Al Musella's Comments: (This is his personal views and are not necessarily the views of the Musella Foundation!)


Posted on: 11/09/2001


Transplant Patients May Face Brain Tumor Risk

By Will Boggs, MD

NEW YORK (Reuters Health) - In rare cases, patients who have had organ transplants may be more likely to develop a certain type of brain tumor, according to a study by Pittsburgh researchers.

Though transplant recipients face a 100-fold increased risk of developing cancer, Dr. David Schiff from the University of Pittsburgh Medical Center and colleagues note, the brain cancers--known as gliomas--had not previously been considered a complication of organ transplantation.

The researchers reviewed information from three academic medical centers to identify transplant patients with glioma. They found 6 cases in approximately 6,700 patients who had transplants at the centers between February 1991 and February 2001.

Three patients had kidney transplants, one had a heart transplant, one a lung transplant and one a liver transplant. All were receiving long-term immunosuppression at about the time they were diagnosed with glioma.

This immune-suppressing treatment is one of the likeliest reasons behind the development of gliomas in these patients, the authors suggest in their report in the October 23rd issue of Neurology.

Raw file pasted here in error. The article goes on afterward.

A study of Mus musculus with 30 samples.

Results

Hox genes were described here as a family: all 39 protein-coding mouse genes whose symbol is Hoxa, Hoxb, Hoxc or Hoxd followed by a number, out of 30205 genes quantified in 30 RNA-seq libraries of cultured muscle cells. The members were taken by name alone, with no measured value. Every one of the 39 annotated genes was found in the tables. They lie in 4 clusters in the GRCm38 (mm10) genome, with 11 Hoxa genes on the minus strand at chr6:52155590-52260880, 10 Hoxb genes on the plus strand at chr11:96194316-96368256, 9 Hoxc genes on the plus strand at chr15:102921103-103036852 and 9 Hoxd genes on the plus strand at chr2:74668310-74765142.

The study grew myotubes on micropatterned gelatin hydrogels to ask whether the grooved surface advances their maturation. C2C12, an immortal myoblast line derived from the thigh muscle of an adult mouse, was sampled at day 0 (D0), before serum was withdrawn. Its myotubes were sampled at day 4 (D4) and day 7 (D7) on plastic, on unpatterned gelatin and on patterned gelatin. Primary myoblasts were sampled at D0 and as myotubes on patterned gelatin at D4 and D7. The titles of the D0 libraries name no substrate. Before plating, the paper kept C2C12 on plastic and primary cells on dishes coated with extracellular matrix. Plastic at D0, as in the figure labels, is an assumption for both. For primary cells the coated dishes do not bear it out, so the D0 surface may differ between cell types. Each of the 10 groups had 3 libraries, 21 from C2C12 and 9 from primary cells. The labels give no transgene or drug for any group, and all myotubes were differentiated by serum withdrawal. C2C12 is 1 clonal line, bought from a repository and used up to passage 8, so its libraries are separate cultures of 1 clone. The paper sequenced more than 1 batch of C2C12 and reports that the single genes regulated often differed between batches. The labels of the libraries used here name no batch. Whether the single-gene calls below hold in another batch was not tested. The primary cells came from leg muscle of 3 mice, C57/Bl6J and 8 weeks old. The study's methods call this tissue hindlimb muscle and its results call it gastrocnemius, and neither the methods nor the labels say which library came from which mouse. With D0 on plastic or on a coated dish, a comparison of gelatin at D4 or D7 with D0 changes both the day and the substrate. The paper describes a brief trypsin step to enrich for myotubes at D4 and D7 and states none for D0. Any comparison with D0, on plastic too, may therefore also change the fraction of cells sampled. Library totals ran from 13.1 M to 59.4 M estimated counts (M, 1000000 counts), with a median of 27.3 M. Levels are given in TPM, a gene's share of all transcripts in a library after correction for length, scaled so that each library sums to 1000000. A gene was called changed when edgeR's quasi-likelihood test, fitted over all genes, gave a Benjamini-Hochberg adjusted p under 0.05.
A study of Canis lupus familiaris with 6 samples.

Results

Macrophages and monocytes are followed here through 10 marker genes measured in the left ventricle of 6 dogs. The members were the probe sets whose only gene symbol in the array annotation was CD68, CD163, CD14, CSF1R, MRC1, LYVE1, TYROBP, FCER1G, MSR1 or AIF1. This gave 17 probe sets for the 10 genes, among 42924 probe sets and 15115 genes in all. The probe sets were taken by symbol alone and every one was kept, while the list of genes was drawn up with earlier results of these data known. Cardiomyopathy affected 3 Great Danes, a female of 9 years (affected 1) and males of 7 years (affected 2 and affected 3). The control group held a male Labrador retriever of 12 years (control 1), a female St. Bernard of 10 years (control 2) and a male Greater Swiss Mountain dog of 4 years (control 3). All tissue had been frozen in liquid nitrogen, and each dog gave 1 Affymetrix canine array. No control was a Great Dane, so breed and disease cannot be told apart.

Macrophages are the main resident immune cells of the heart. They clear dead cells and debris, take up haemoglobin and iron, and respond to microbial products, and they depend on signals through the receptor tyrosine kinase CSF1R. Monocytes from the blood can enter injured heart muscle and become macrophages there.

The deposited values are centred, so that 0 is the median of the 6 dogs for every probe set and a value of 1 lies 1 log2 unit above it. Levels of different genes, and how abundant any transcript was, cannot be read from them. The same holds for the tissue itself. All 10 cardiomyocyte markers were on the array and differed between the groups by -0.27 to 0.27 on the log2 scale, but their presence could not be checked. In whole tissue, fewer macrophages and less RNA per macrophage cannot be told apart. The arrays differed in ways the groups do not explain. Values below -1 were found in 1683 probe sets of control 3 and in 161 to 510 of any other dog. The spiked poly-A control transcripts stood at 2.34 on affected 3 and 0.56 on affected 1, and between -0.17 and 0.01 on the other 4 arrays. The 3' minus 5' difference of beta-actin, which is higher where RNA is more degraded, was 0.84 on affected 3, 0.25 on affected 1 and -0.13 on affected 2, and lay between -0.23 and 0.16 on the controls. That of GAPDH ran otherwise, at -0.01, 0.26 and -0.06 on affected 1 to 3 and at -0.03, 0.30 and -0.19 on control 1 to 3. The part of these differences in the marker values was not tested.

"We cannot exclude the possibility that this association between glioma and organ transplantation is coincidental," they write. "Our ongoing review of brain tumors in the Cincinnati Tumor Transplant Registry may further elucidate this issue."

The findings are important, Schiff told Reuters Health, because doctors often assume that any new brain tumor in a transplant patient is caused by lymphoma, a blood cancer known to be common in these patients.

"Our report highlights that it's not safe to assume all brain tumors are lymphoma," Schiff said. Rather, he added, these tumors should be biopsied so doctors can determine what type they are and tailor treatment appropriately.

SOURCE: Neurology 2001;57:1486-1488.